A mum is raising money for charity after her brave little girl was born with a cleft lip and palate.
Five-year-old Evie Ellam had to have an operation at Leeds General Infirmary when she was just three months old and another when she was nine months to correct the problem.
Babies born with the condition have a gap in their upper lip and/or the roof of their mouth. This can result in feeding, speech and hearing problems, and frequent ear infections.
Evie, of Norristhorpe, Liversedge, faces more surgery on her gums when she is eight years old and extensive dental work.
Her mum, Mrs Helena Ellam, said Evie had reacted brilliantly to everything she had been through. “Her case was quite severe, and when she was a baby I had to feed her with special bottles to squeeze milk into her mouth because she had no suction. But she recovered from the surgery very quickly and now looks fantastic,” she said.
“When she was a baby she didn’t really know much about what was happening, but last year she asked if she had a flat nose because another girl had said something to her. I was honest with her and said this had been caused by her cleft lip and palate, but told her she was a very lucky girl and there were children with far bigger problems than a flat nose.”
Mrs Ellam said they had been to see a surgeon about her next operation. Evie, a pupil at Hipperholme Grammar Junior School, was a little apprehensive and told her parents she didn’t want to have it done.
“We said we would take her somewhere special afterwards and she would be given presents like she was at Christmas and on her birthday, and she was swayed by this,” she added.
Mrs Ellam is now a fundraiser for Operation Smile, an international medical charity which provides surgery for children and young adults in developing countries who are born with cleft lip, cleft palate and other facial deformities.
She said that in developing countries some children were kept hidden and not allowed to go to school, so Operation Smile offered education to prevent this happening. Also one in 10 with the condition died before their first birthday if they did not have surgery.
Television’s Dragons’ Den star Duncan Bannatyne is an ambassador for Operation Smile, which has provided hundreds of thousands of free operations. He and his daughter, also called Evie, have volunteered on an Operation Smile Medical Mission at a hospital in Guadalajara, Mexico.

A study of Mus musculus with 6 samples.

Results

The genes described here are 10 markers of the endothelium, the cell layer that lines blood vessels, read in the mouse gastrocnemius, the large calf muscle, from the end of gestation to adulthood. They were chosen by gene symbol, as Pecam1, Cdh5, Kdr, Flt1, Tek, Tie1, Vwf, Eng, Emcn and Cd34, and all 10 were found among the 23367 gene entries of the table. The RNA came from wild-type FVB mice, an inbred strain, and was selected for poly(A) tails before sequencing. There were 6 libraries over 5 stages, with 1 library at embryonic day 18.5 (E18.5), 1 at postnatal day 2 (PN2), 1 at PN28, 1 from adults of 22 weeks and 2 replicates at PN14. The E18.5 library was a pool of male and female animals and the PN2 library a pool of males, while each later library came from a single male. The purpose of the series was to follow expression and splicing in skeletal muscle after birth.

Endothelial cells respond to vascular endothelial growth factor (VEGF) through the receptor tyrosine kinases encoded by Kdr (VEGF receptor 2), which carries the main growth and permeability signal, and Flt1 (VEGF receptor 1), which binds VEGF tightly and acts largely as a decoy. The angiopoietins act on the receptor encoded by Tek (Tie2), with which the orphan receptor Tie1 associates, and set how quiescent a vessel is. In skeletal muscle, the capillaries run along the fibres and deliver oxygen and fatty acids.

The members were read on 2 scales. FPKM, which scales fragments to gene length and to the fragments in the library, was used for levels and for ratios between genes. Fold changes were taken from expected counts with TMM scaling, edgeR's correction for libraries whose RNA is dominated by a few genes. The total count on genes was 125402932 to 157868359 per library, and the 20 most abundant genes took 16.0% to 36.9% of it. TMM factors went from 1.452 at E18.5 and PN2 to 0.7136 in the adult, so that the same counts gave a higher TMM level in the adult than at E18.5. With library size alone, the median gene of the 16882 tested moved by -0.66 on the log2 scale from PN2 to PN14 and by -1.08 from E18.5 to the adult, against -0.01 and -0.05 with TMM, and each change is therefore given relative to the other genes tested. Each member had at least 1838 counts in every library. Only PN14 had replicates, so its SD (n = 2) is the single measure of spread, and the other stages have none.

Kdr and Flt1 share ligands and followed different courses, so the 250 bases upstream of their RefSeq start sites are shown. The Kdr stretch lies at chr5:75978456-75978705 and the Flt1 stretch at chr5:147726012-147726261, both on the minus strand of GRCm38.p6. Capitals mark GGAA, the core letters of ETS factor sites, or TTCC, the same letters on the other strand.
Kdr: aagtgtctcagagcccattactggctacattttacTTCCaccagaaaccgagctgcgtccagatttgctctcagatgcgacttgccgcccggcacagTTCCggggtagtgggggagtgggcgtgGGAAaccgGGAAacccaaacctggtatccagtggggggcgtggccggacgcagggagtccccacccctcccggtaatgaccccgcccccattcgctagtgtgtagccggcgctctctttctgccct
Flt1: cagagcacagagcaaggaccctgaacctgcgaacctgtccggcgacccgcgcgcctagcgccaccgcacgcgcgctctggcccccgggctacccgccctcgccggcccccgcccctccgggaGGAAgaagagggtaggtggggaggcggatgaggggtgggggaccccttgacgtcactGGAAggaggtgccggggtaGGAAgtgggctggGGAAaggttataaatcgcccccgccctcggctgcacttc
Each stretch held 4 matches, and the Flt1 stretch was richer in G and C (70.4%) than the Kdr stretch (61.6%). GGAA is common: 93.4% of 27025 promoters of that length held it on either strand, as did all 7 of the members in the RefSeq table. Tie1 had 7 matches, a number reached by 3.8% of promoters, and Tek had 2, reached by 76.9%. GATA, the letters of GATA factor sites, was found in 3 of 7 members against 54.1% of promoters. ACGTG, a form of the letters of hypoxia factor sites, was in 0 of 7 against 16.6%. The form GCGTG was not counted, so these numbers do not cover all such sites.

Mrs Ellam and her husband James, who also have a 12-week-old son Billy, are playing their part at home by raising cash for Operation Smile. Mrs Ellam is organising a ball at Bertie’s in Elland on Saturday, September 24, from 6.30pm. Tickets for the event are £37 per person for a three-course meal and live band with dancing. There are 10 tickets left, and anyone who would like one can email Mrs Ellam at: firstname.lastname@example.org
The event will be the third she has held, and she has so far raised more than £14,000 for the charity. In recognition of this, she was invited to London by Operation Smile to a special ceremony where she received an Events Organiser Award.
The proceeds from the ball this year will be split between Operation Smile and Kirkwood Hospice at Dalton as Mrs Ellam’s late mum, Mrs Pauline Jackson, was cared for by the hospice after she was diagnosed with an aggressive form of bowel cancer.
Cleft lip and palate facts
• A cleft is a gap or split in the upper lip and/or roof of the mouth (palate). It is present from birth.
• The gap is there because parts of the baby’s face didn’t join together properly during development in the womb.
• A cleft lip and palate is the most common facial birth defect in the UK, affecting around one in every 700 babies.
• Problems that can occur include difficulty feeding, and hearing, dental and speech problems.
• The exact cause is often unclear. It’s very unlikely to have been the result of anything the parents did or didn’t do during pregnancy.
• The cleft is usually treated with surgery. Other treatments, such as speech therapy or dental care, may be needed for associated symptoms.